Shall vs. Should

Shall and should are commonly known modal verbs that may confuse learners. In this lesson, we will learn their differences.

"Shall" vs. "Should" in the English grammar

What Is Their Main Difference?

The main difference between the modal verbs 'shall' and 'should' is that 'shall' is used to indicate future action or intention and to express a command or suggestion, while 'should' is used to indicate advice, suggestion, obligation, probability, or hypothetical situations.

'Shall' is a modal verb that is used to indicate future action or intention, often in the first person. It is commonly used in British English and may sound more formal than 'will' when used to indicate future action. In addition to indicating future action or intention, 'shall' can also be used to make an offer or invitation, or to ask for advice or instructions. Take a look at the following examples:

Shall I close the door?

I shall be there on time.

Origin of Shall

'Shall' originates from the 17th century. It was used to replace 'will' when the subject was 'I' or 'we.' Nowadays, this usage is very uncommon as it is considered to be old-fashioned.

'Should' is a modal verb that is commonly used to give advice, suggest a course of action, indicate obligation or duty, express probability or expectation, or indicate hypothetical or conditional situations. Have a look:

You should brush your teeth twice a day.

giving advice

You should pay your bills on time.

implying obligation or duty

The package should arrive tomorrow.

indicating probability or expectation

Should you see him, tell him to call me.

indicating a hypothetical or conditional situations


Obligation vs. recommendation

'Shall' is commonly used in official documents and formal contexts to indicate obligations and requirements, particularly when discussing legal or mandatory actions. 'Should', on the other hand, is used to offer advice or recommendations or suggest a course of action, particularly in situations where there is some degree of flexibility or discretion. The choice between 'shall' and 'should' depends on the level of obligation being conveyed. For example:

Both parties shall turn in their statements by Monday.

The meeting shall take place in your office next week.

You should wear sunscreen to protect your skin from the sun.

You should treat her better or she will break up with you.

Talking about Assumptions

'Should' can be used to talk about assumptions or expectations in certain contexts. When used in this way, 'should' can indicate a likelihood or probability based on what is considered normal or expected. Have a look:

He should be employed by now.

He should be at the station.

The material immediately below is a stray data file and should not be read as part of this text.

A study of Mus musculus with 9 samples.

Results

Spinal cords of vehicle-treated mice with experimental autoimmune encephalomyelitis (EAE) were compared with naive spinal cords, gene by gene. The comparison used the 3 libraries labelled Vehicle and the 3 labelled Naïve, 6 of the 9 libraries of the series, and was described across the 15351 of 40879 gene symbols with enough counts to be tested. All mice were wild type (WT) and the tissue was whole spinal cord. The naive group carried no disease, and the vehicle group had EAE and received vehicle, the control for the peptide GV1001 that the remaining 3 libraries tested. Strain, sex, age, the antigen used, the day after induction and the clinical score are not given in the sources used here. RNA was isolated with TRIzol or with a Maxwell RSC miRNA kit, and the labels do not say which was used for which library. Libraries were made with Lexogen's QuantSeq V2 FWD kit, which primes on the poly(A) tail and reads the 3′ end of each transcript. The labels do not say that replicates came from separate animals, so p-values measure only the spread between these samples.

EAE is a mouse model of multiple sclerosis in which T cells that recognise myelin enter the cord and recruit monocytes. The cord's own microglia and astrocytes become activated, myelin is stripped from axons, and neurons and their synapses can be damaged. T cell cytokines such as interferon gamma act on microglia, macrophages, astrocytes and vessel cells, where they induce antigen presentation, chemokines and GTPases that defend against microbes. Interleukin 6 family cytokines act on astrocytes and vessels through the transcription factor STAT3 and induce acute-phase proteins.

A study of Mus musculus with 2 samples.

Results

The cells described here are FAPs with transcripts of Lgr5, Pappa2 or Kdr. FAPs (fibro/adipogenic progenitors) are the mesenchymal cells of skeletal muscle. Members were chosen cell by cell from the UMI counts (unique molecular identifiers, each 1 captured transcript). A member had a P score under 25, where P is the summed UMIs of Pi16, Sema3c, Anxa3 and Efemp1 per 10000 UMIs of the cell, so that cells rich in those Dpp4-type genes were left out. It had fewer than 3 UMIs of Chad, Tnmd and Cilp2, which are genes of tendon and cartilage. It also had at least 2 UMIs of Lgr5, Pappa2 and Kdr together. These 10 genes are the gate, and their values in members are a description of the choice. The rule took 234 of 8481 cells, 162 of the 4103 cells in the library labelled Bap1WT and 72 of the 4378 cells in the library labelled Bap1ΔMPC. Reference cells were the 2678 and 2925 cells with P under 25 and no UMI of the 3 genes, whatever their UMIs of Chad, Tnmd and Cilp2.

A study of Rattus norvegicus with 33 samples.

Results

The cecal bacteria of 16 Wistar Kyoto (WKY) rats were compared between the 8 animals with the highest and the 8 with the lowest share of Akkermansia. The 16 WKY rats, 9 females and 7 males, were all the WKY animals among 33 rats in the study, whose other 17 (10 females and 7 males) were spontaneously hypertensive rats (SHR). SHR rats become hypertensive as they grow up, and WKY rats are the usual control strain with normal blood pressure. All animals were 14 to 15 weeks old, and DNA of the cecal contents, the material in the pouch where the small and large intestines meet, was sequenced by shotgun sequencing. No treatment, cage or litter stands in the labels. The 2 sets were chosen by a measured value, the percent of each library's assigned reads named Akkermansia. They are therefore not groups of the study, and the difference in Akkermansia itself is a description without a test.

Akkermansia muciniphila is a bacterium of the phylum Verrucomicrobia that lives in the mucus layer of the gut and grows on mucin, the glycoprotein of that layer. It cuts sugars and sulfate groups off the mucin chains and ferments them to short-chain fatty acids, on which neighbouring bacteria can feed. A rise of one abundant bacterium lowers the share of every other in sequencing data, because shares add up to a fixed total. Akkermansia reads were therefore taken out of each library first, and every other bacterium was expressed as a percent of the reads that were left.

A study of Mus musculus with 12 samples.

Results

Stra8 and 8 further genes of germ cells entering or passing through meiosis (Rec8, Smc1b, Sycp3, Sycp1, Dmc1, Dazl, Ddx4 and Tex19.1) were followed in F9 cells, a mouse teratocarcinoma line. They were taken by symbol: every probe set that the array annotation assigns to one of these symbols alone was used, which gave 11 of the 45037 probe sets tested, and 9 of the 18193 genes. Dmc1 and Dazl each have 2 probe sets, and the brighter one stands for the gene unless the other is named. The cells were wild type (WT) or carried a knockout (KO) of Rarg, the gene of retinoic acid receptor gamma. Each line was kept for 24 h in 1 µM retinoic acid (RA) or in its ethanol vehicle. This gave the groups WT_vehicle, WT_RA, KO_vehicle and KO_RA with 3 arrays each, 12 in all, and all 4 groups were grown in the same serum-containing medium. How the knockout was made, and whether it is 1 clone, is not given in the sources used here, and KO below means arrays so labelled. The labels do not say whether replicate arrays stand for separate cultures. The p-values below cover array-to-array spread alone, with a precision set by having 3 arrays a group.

Making Offers

'Shall' can be used with first-person singular or plural pronouns 'I' and 'we' to make offers in a polite or formal way. When used in this way, 'shall' can help to convey a sense of politeness and respect, particularly in formal or professional settings. Take a look at the examples:

Shall I take your coat?

Shall we accompany you to your room?


In general, 'shall' is considered to be a more formal and traditional modal verb, while 'should' is considered to be less formal and more common in everyday speech.
'Shall' is often used in legal or official documents to indicate requirements or obligations, and can convey a sense of authority or seriousness.
In contrast, 'should' is often used to give advice or make suggestions, and can convey a sense of informality or friendliness.


Negation and Question

We can create negative sentences with 'shall' and 'should:'
To do so, you simply add 'not' to the modal verb as illustrated below:

  • ShallShall not
  • ShouldShould notShouldn't

Take a look at these examples for clarification:

I shall meet him tomorrow. → I shall not meet him tomorrow.

He should be so happy to see you. → He shouldn't be so happy to see you.

We can create yes/no questions and wh-questions with modal verbs including 'shall' and 'should.'

Yes/no Questions

To make yes/no questions, we put the modal verbs at the beginning of the sentence followed by the subject and the main verb. For example:

Stella shall attend the party. → Shall Stella attend the party?

I should plant the seeds. → Should I plant the seeds?


To create wh-questions, we start by a wh-word such as what, when, where, who, why, and how followed by a modal verb, the subject, and the base form of the main verb. For instance:

We shall depart soon. → When shall we depart?

I should call him. → Why should I call him?

With Other Modal Verbs

We use only one modal verb in a sentence. We cannot use modal verbs with other modal verbs. Take a look at these incorrect sentences:

I shall can defeat my enemy.

Harry might should reconsider his behavior.

With Conditionals

'Should' can be used with the second type of conditionals. This type of conditionals is concerned with hypothetical situations with a low chance of occurrence. When 'should' is used in these sentences, 'if' is removed and the subject and modal verb are inverted. Have a look:

Should you get sick, stay home and rest.

Should you arrive late, you can enter from the back door.


'Shall' cana lso be used in conditional type 1 statements. However, it's worth noting that the use of 'shall' in conditionals can vary depending on the speaker's tone and level of formality. In some cases, other modal verbs such as 'will' or 'would' may be more appropriate depending on the context and intended meaning.